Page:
Erin and Phillip Buerk have entered uncharted territory, serving as both parents, teachers and, in Phillip Buerk’s case, work-at-home employee.

The parents of two Worthington Schools children are responding to Gov. Mike DeWine’s executive order March 12 to close schools for at least three weeks by the end of the day March 16, keeping children at home in response to the COVID-19 coronavirus pandemic.

The last student day in Worthington Schools buildings was March 13, according to the district’s coronavirus page at

DeWine has signaled the closure could be extended beyond April 3.

Erin Buerk, a volunteer coordinator at Worthington Libraries, which also has closed because of COVID-19, said the March 12 announcement “has thrown all the wheels off the bus.”

In other words, they all are trying to adjust to their new environment, Buerk said.

“They’re learning mom has limits to her patience,” she said of her children: Milo, 11, a sixth-grader, and Delia, 9, a third-grader, both of whom attend Worthington Hills Elementary School.

Acting on DeWine’s order, 10,500 students and 1,257 employees in the district were sent home with some semblance of what was required and asked to wait on further instruction, said Vicki Gnezda, a spokeswoman for Worthington Schools.

“We’re obviously doing what he asks of us, and I think probably in a lot of ways this is chaos, but we’re doing the best we can to help our families through this,” Gnezda said.

Remote learning was scheduled to begin in the district Tuesday, March 24, Gnezda said.

Teachers were trained remotely this week on the curriculum, she said.

The expectation is students will spend 30 to 45 minutes per content area three times a week, Gnezda said.

The district’s website said teachers would reach out to families to share specific expectations.

“The goal of remote learning is to support essential/core learning for the grade level/course and to keep the learning moving forward to the extent possible,” the website said. “Of course, remote learning does not replace learning in the classroom.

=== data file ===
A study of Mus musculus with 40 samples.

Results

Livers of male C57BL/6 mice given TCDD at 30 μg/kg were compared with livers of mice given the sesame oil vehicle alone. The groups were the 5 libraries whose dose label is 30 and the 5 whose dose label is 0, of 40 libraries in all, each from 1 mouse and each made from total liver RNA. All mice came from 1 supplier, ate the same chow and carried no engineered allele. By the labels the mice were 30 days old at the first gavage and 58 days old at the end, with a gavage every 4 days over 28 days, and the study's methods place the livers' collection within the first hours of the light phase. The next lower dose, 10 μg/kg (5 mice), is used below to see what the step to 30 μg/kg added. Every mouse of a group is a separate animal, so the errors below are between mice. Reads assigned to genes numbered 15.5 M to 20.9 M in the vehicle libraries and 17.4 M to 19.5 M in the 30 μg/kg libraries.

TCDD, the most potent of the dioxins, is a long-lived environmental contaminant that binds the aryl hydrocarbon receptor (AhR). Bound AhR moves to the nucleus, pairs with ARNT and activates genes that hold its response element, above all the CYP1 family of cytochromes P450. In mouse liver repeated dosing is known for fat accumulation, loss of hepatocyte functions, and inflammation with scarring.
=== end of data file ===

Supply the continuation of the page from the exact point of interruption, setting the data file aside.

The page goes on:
“Our teachers will continue to provide instruction for students to meet graduation requirements. The Ohio Department of Education is aware of the challenges and ramifications in meeting the requirements and will provide additional information in the future.”

Teachers, who were expected to be available during normal school days Mondays through Fridays, could be contacted by email with the addresses listed in the staff directory, the website said.

Students with limited technology were given laptops and access to free Wi-Fi, she said.

As far as whether makeup days would be needed at the end of the school year and if standardized tests would be administered, district leaders have been waiting for direction from state and federal officials and will communicate it “as soon as we have more to say,” Gnezda said.

“We’ll be sure the families have the information they need,” she said.

District leaders were directing families to to keep up with any changes.

In the aftermath of the closure, on March 17, district employees started providing free to-go breakfast-and-lunch meals to students between 10 a.m. to 1 p.m. weekdays at Thomas Worthington and Kilbourne high schools and Slate Hill Elementary School, according to the website. People picking up meals had to have their children with them, the website said.

Given the scope of the disease and the challenges it presents, Gnezda said, the state has done a laudable job handling the crisis.

“I think in Worthington, we appreciate the governor’s leadership, and we want to do whatever we can to ensure the safety of our community,” she said.

The district website acknowledged “that school is not expected to reopen until April 6,” but “the governor has made it clear that the time could be extended.” If that happens, district leaders would work on a plan, the website said.

Meanwhile, Erin Buerk said, she and her family will do whatever it takes to weather the storm.

“I really think whatever problems will come of this, with school or socially, take a way backseat – (it) is not even in the car – (when it comes to) what needs to happen for the greater good of Ohio,” she said.